All-in-One Beaker Method for Large-Scale Production of Metal Oxide Hollow Nanospheres Using Nanoscale Kirkendall Diffusion

Jung Sang Cho, Yun Chan Kang

Research output: Contribution to journalArticle

12 Citations (Scopus)

Abstract

A simple and easily scalable process for the formation of metal oxide hollow nanospheres using nanoscale Kirkendall diffusion called the "all-in-one beaker method" is introduced. The Fe2O3, SnO2, NiO, and Co3O4 hollow nanospheres are successfully prepared by the all-in-one beaker method. The detailed formation mechanism of aggregate-free hematite hollow nanospheres is studied. Dimethylformamide solution containing Fe acetate, polyacrylonitrile (PAN), and polystyrene (PS) transforms into aggregate-free Fe2O3 hollow nanospheres. The porous structure formed by the combustion of PS provides a good pathway for the reducing gas. The carbon matrix formed from PAN acts as a barrier, which can prevent the aggregation of metallic Fe nanopowders by surrounding each particle. The Fe-C bulk material formed as an intermediate product transforms into aggregate-free Fe2O3 hollow nanospheres by the nanoscale Kirkendall diffusion process. The mean size and shell thickness of the hollow Fe2O3 nanospheres measured from the TEM images are 52 and 9 nm, respectively. The discharge capacities of the Fe2O3 nanopowders with hollow and dense structures and the bulk material for the 200th cycle at a current density of 0.5 A g-1 are 1012, 498, and 637 mA h g-1, respectively, and their capacity retentions calculated compared to those in the second cycles are 92, 45, and 59%, respectively. Additionally, Fe2O3 hollow nanospheres cycled at 1 A g-1 after 1000 cycles showed a high discharge capacity of 871 mA h g-1 (capacity retention was 80% from the second cycle). The Fe2O3, SnO2, NiO, and Co3O4 hollow nanospheres show excellent cycling performances for lithium-ion storage because they have a high contact area with the liquid electrolyte and space for accommodating a huge volume change during cycling.

Original languageEnglish
Pages (from-to)3800-3809
Number of pages10
JournalACS Applied Materials and Interfaces
Volume8
Issue number6
DOIs
Publication statusPublished - 2016 Feb 24

Fingerprint

Nanospheres
Oxides
Metals
Polyacrylonitriles
Polystyrenes
Dimethylformamide
Hematite
Lithium
Contacts (fluid mechanics)
Electrolytes
Acetates
Current density
Carbon
Agglomeration
Gases
Ions
Transmission electron microscopy
Liquids

Keywords

  • anode material
  • hollow nanosphere
  • iron oxide
  • Kirkendall diffusion
  • lithium-ion battery

ASJC Scopus subject areas

  • Materials Science(all)

Cite this

All-in-One Beaker Method for Large-Scale Production of Metal Oxide Hollow Nanospheres Using Nanoscale Kirkendall Diffusion. / Cho, Jung Sang; Kang, Yun Chan.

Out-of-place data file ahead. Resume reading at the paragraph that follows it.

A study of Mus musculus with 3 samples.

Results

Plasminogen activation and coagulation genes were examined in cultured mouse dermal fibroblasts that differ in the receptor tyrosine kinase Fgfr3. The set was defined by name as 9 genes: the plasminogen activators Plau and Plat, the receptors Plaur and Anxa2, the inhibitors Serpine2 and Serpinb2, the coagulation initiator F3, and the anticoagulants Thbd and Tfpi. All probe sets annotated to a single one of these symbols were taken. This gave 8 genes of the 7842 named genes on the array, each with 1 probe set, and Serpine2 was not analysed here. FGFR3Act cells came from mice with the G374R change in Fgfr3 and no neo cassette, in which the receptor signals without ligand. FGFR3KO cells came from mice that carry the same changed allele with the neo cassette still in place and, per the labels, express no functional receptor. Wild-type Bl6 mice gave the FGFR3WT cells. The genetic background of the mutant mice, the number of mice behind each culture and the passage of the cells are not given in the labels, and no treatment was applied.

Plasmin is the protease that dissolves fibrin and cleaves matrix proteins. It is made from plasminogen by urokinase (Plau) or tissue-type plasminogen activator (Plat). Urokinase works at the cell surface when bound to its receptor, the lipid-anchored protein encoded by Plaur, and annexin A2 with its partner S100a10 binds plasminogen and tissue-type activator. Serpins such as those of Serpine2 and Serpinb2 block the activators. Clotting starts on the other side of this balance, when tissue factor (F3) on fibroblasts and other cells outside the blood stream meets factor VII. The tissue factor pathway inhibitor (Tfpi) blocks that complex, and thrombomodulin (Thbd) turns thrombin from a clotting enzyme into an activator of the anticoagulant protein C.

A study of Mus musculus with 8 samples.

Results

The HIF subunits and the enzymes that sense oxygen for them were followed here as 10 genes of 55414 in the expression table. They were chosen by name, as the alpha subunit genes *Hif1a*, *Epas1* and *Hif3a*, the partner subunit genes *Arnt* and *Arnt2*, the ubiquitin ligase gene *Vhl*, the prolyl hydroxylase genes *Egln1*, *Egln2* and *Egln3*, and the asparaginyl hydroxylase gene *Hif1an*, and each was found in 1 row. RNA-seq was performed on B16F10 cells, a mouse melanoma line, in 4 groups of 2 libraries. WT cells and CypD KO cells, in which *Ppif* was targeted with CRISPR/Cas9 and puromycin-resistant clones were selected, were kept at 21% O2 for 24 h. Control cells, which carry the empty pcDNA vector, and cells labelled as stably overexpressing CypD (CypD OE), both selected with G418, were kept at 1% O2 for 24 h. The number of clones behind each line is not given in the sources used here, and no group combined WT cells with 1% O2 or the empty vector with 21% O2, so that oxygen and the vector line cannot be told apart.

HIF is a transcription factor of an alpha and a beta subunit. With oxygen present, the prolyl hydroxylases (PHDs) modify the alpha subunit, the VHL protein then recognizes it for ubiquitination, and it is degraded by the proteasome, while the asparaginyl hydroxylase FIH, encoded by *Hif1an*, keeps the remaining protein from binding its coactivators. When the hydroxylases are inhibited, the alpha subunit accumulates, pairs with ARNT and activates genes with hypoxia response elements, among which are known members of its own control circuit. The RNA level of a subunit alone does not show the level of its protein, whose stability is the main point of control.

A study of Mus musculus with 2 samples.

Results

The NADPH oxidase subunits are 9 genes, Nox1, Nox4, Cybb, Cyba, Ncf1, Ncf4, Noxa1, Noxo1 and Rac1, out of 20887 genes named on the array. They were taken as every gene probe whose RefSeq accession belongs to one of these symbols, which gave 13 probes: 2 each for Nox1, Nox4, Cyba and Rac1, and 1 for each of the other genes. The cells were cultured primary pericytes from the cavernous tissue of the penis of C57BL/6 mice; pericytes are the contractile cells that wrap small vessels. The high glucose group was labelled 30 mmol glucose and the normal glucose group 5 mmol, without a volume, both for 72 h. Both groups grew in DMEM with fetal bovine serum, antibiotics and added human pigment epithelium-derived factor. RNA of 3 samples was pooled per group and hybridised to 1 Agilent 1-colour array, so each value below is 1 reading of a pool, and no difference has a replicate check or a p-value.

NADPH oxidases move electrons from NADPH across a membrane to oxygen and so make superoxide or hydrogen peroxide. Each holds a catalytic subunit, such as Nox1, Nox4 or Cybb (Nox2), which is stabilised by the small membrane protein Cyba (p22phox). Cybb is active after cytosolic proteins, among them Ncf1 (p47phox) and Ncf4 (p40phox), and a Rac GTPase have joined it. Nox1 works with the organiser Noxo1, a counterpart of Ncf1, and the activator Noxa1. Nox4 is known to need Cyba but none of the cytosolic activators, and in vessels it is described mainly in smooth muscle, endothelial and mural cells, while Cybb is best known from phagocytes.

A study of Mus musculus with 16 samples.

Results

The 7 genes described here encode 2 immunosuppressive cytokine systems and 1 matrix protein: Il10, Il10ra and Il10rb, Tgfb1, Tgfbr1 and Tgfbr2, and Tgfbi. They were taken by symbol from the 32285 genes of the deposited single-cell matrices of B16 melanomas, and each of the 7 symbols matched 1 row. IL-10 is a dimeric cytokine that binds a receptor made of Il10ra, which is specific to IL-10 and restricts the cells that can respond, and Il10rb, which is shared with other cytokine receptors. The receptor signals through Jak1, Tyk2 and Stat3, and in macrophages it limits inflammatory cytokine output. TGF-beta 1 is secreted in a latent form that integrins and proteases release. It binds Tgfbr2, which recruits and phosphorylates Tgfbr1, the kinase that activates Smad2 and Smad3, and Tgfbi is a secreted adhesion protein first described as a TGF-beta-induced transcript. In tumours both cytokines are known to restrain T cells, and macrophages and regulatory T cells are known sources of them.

In: ACS Applied Materials and Interfaces, Vol. 8, No. 6, 24.02.2016, p. 3800-3809.

Research output: Contribution to journalArticle


AB - A simple and easily scalable process for the formation of metal oxide hollow nanospheres using nanoscale Kirkendall diffusion called the "all-in-one beaker method" is introduced. The Fe2O3, SnO2, NiO, and Co3O4 hollow nanospheres are successfully prepared by the all-in-one beaker method. The detailed formation mechanism of aggregate-free hematite hollow nanospheres is studied. Dimethylformamide solution containing Fe acetate, polyacrylonitrile (PAN), and polystyrene (PS) transforms into aggregate-free Fe2O3 hollow nanospheres. The porous structure formed by the combustion of PS provides a good pathway for the reducing gas. The carbon matrix formed from PAN acts as a barrier, which can prevent the aggregation of metallic Fe nanopowders by surrounding each particle. The Fe-C bulk material formed as an intermediate product transforms into aggregate-free Fe2O3 hollow nanospheres by the nanoscale Kirkendall diffusion process. The mean size and shell thickness of the hollow Fe2O3 nanospheres measured from the TEM images are 52 and 9 nm, respectively. The discharge capacities of the Fe2O3 nanopowders with hollow and dense structures and the bulk material for the 200th cycle at a current density of 0.5 A g-1 are 1012, 498, and 637 mA h g-1, respectively, and their capacity retentions calculated compared to those in the second cycles are 92, 45, and 59%, respectively. Additionally, Fe2O3 hollow nanospheres cycled at 1 A g-1 after 1000 cycles showed a high discharge capacity of 871 mA h g-1 (capacity retention was 80% from the second cycle). The Fe2O3, SnO2, NiO, and Co3O4 hollow nanospheres show excellent cycling performances for lithium-ion storage because they have a high contact area with the liquid electrolyte and space for accommodating a huge volume change during cycling.